China and Pakistan concluded their largest-ever naval exercises in the North Arabian Sea on Friday. During the week-long Sea Guardians exercise, the two countries also conducted joint maritime patrols for the first time.

The exercises were aimed at improving the interoperability of the Pakistan Navy and People’s Liberation Army Navy (PLA Navy) and bolstering Pakistan’s anti-access/area denial (A2/AD) capabilities vis-a-vis its larger neighbor and arch-rival India.

(Image Credit: Norman Einstein)

Anti-submarine warfare has been a feature of recent China-Pakistan naval exercises and is key to Pakistan’s maritime defense strategy. Notably, the PLA Navy fleet participating in the exercise included a Chinese destroyer with advanced anti-stealth capabilities, the Type 052DL, and the Type 039 diesel-electric attack submarine, writes Usman Ansari of Defense News.

Senior Captain Qi Jian of the PLA Navy said that the exercises would bolster the two countries’ resolve to defend the China-Pakistan Economic Corridor, a connectivity project linked to the Belt and Road Initiative.

Key sites along the CPEC route have been attacked by ethnic separatist militants — including, most recently, an attack earlier this month along a coastal highway that connects the China-operated port of Gwadar with Karachi, Pakistan’s largest port.


A Complex U.S.-China-India-Pakistan Game

Naval cooperation between China and Pakistan continues to grow, driven by a shared rivalry with India and the deepening ties between the U.S. and Indian navies. Indian ports will serve as vital repair and resupply facilities for the U.S. military over the coming decades.

While some observers say military ties between Beijing and Islamabad reflect movement toward a “threshold alliance,” the Pakistan Army has been keen in recent years to avoid being locked into the China camp as great power competition has intensified.

In September, the Pakistan Army arranged a visit of the U.S. ambassador to Pakistan to the Chinese-operated port of Gwadar, signaling that it does not desire the facility to become militarized by China. It’s unclear whether Pakistan’s navy and other military services share the same view.

Pakistan’s 650-mile Arabian Sea coastline is home to several large commercial ports and naval bases. Strategically located between India and Iran and north of the Persian Gulf oil shipping lanes, it is unsurprising that both China and the United States are keen to ensure that neither side gains exclusive access to Pakistan’s naval bases.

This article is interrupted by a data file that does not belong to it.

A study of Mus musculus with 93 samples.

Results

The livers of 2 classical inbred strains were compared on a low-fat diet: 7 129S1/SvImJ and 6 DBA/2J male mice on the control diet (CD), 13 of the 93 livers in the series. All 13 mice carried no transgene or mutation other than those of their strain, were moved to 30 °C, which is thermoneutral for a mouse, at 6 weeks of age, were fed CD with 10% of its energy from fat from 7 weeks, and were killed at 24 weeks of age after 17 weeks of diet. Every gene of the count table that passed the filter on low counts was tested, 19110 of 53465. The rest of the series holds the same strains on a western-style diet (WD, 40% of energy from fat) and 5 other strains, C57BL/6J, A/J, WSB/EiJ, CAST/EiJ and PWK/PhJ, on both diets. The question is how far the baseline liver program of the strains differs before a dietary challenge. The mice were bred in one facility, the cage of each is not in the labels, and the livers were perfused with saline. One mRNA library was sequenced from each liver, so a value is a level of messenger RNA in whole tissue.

A More Competitive Landscape in the Indian Ocean Region

Beyond Pakistan, the strategic landscape in the northern Indian Ocean region is becoming more competitive.

The China-Pakistan naval exercises occurred amid reports that Oman is considering hosting a Chinese military facility. Other countries in the region, including the United Arab Emirates, have engaged in talks with China on hosting a military base.

PLA Navy ships are frequent visitors to Oman’s Arabian Sea port of Salalah, with some observers assessing that it “has achieved de facto facility status.” But China could build a facility at another Omani port — Duqm — where a Chinese state-owned consortium is building an industrial park. The U.S., nonetheless, remains the dominant maritime power in this region, with unfettered access to military facilities in numerous Gulf Arab states.

Russia also just concluded its first-ever maritime exercises with Myanmar earlier this month. Russia has been Myanmar’s largest source of arms since 2017, topping China. The military junta in Myanmar seeks to avoid dependence on China, which has supported armed ethnic groups. Moscow has been a key provider of military aircraft used by the military regime to target civilians.

And in a setback for New Delhi, Mohamed Muizzu, the new president of the Maldives — an archipelago in the Indian Ocean — asked India to withdraw its military contingent from his country.

How the strategic balance of power in the Indian Ocean region will transform is uncertain, but one thing is clear: while some regional states feel forced to pick sides between great powers, many others are making the most of this multipolar era.

Arif Rafiq is the editor of Globely News. Rafiq has contributed commentary and analysis on global issues for publications such as Foreign Affairs, Foreign Policy, the New Republic, the New York Times, and POLITICO Magazine.

He has appeared on numerous broadcast outlets, including Al Jazeera English, the BBC World Service, CNN International, and National Public Radio.